New cabinet to study white paper on Land Inquiry - President
NALI, KYANKWANZI: The report compiled by the Commission of Inquiry into Land Matters led by Justice Catherine Bamugemereire will be studied by the new cabinet and also be recommended as a white paper to enable government tackle the issue of land management in Uganda.
“The the new Cabinet will study the report and write a white paper in response. The report shall be taken back to the public to feed in their views before implementation. That is why the team on the commission of inquiry into land issues came to enlighten the MPs elect at the retreat about land issues,” he said.
The President was yesterday, contributing to a paper delivered by Justice Catherine Bamugemereire, the Chairperson of the Commission of inquiry into Land Matters to the NRM MPs Elect, attending a political induction training course at NALI in Kyankwanzi district.
The paper titled the ‘Commission of Inquiry into the Effectiveness of the law, policies and Processes of Land Acquisition, Land Administration, Land Management and Land Registration in Uganda’ gave an overview of the key findings and recommendations of the land inquiry whose recommendation require bold action by government on land issue.
The President who was flanked by the First Lady Janet Museveni who is also the Minister of Education and Sports, noted that when the colonial government apportioned land in Uganda into Mailo land, Crown land and gazetted areas of swamps, forests and water bodies and game reserves, Uganda had no challenge of land fragmentation, which he said was caused by population increase and poor land inheritance practices.
According to Museveni, the report, once implemented, shall cure both current and historical land problems which have existed since the colonial era citing the mailo land that the british gave to chiefs and their collaborators in areas of Buganda and Bunyoro.
"I think, this report shall help us to dismantle the old and barbaric laws that for long have hard-pressed our people, please help me to stabilize the situation once and for all,"he said.
The President also decried the increasing land fragmentation that has been a common practice in areas of Kigezi, Rwenzori, Mbale, Busoga among others where people have continuously divided land into tiny pieces.
He blamed some of the NRM leaders who give a deaf ear to the advice of government against this vice.
“The issue of land fragmentation in the country should be addressed by law and also be properly legislated by the 11th Parliament. The MPs should sensitize their people that land should not be fragmented,” he said.
The President advised the people that to avoid any possibility of land fragmentation on family land, the members of a family should instead form a trust/foundation for them to use the land jointly and later share the profits as shareholders of the enterprise.
The President said the commission’s report gives government what he described as a ‘soft landing’ to handle cases of eviction, tackling wetlands management, road reserves provisions when connecting water pipes, lying cables of any kind and passing electricity installations.
President Museveni said that land matters need to be handled with keen interest, adding that Uganda's accelerated move towards industrialization has made land as a resource gain more value.
“Industrial revolution in the country has enabled land to have value. I want to thank Justice Bamugemereire and team for the findings into the land issues that have affected many people in the country,” he said.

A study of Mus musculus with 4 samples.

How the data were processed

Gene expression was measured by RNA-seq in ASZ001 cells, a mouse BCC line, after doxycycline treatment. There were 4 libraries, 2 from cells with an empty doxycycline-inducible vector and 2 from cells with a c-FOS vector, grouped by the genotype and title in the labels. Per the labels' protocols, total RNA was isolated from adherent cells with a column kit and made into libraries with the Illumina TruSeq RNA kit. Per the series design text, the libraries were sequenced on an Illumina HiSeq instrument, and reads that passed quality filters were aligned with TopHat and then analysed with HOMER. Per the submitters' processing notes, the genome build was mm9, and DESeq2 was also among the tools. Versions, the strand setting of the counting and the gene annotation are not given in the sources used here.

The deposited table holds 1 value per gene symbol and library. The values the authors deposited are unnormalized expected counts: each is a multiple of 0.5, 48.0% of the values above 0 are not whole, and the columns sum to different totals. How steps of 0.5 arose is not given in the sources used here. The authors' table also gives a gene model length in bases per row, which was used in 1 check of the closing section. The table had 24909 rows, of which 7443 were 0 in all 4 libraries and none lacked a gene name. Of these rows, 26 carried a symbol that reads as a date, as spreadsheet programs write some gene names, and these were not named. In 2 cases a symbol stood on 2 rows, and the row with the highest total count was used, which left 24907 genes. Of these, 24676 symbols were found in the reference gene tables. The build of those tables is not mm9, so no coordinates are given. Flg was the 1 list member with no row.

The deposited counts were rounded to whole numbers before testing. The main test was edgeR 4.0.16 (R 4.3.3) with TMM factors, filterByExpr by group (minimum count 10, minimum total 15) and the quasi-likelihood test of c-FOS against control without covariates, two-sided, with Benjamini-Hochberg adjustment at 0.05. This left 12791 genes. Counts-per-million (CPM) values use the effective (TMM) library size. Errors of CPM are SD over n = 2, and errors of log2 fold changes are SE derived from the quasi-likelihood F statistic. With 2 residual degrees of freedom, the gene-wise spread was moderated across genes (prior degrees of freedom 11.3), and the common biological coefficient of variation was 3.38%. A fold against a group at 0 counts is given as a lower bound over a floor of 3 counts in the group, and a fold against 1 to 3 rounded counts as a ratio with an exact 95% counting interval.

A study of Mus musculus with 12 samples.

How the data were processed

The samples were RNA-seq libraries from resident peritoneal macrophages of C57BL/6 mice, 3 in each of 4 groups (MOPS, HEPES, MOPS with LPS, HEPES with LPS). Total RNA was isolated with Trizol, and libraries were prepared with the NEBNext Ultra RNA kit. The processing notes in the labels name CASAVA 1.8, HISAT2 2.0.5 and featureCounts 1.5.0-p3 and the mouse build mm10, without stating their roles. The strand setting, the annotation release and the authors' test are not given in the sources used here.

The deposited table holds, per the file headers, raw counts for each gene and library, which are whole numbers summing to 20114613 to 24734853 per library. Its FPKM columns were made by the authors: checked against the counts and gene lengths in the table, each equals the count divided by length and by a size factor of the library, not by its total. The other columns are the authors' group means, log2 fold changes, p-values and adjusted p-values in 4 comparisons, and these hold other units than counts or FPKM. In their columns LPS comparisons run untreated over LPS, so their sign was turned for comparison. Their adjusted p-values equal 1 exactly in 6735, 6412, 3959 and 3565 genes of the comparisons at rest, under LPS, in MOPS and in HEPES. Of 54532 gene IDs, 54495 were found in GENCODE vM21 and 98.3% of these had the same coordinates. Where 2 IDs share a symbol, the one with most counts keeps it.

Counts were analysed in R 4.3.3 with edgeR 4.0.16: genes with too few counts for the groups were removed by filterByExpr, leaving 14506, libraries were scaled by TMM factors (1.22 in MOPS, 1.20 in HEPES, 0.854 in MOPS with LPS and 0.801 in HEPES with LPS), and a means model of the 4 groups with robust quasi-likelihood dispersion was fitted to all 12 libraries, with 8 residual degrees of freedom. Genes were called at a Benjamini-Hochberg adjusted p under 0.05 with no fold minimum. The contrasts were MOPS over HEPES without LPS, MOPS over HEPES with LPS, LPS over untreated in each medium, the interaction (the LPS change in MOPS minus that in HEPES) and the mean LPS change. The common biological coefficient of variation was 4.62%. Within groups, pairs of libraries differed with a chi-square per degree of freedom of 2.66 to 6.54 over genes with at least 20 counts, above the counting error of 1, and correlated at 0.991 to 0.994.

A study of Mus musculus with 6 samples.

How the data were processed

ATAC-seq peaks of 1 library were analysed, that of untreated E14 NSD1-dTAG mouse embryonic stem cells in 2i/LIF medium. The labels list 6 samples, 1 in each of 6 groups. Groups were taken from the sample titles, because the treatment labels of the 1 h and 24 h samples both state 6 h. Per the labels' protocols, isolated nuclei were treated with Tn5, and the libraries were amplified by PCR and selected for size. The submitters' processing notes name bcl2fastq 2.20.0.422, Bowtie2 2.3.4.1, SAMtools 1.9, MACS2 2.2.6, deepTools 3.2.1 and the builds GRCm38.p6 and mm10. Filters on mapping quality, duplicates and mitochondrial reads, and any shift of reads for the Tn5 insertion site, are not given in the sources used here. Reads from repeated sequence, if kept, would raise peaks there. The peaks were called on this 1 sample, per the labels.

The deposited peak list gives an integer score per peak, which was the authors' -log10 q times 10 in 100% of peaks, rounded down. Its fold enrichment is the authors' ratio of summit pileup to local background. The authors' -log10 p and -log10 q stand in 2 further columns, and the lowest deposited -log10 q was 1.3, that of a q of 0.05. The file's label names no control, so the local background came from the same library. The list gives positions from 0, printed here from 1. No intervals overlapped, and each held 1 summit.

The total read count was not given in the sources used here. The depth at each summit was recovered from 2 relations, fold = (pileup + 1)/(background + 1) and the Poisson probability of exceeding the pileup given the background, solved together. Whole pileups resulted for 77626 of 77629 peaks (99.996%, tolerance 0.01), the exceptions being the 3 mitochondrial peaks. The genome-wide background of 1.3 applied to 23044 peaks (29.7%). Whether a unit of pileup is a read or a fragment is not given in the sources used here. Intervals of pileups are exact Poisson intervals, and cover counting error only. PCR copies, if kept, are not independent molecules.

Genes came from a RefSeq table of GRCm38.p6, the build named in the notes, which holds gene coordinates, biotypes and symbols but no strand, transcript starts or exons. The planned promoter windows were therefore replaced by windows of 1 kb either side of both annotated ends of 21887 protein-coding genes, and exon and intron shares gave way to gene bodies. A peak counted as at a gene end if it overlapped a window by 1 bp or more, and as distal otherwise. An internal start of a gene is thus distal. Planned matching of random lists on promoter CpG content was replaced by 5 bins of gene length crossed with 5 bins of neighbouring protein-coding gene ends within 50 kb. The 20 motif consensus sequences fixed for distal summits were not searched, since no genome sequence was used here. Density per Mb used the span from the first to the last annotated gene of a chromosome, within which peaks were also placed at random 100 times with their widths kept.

Justice Bamugemereire said the report findings and observations hinged on aspects of land administrations and registration processes, Uganda land commission and the land fund that were not operated in accordance with the law, mismanagement of wetlands, forests, wildlife reserves, fraudulent surveys and issuance of land titles in protected areas, targeted compensation on government projects, land acquisition and land dispute resolution.
The Commission among other things wants government to addresses the challenge of the perceived subservient position of customary land by ensuring that all land including customary land is registered.
“All land in the country should be put on a register after an adjudication process,” Bamugemereire said.
The Commission also recommends the establishment of an institutional framework for administration of customary land within Uganda Land Services Bureau framework.
The Land dispute situation, according to Bamugemereire was found by the commission to be a pandemic, in which mostly the well-to do persons have obtained land through illegal means, bribing their way through all systems of land administration and registration.
Former Buganda minister, Owek Robert Kasule Sebunya, who was part of the 7-member committee asked President Museveni and MPs Elect to rebuke judges who simply issue court orders to court bailiffs to evict people in ackward hours.
The President later thanked the day’s facilitators for their far enriching presentations including the Commander of Defense Forces Gen. David Muhoozi who presented a paper on ‘Understanding Uganda's National Interests and Security Paradigm’ for promoting Pan-Africanism and regional integration, the Minister of Security Gen. Elly Tumwine who presented a paper on the ‘Historic Mission of NRM Revolution and the Role of a Member of Parliament in Securing the Future’ and Major Emmy Katabazi, the Deputy Director of ISO who presented a paper on the roles of security organizations ESO and ISO as rendering a service but not acting as force like UPDF.
The topics on Security and Sovereignty of the country were discussed by Major General Kahinda Otafiire the Minister of East Africa Community Affairs.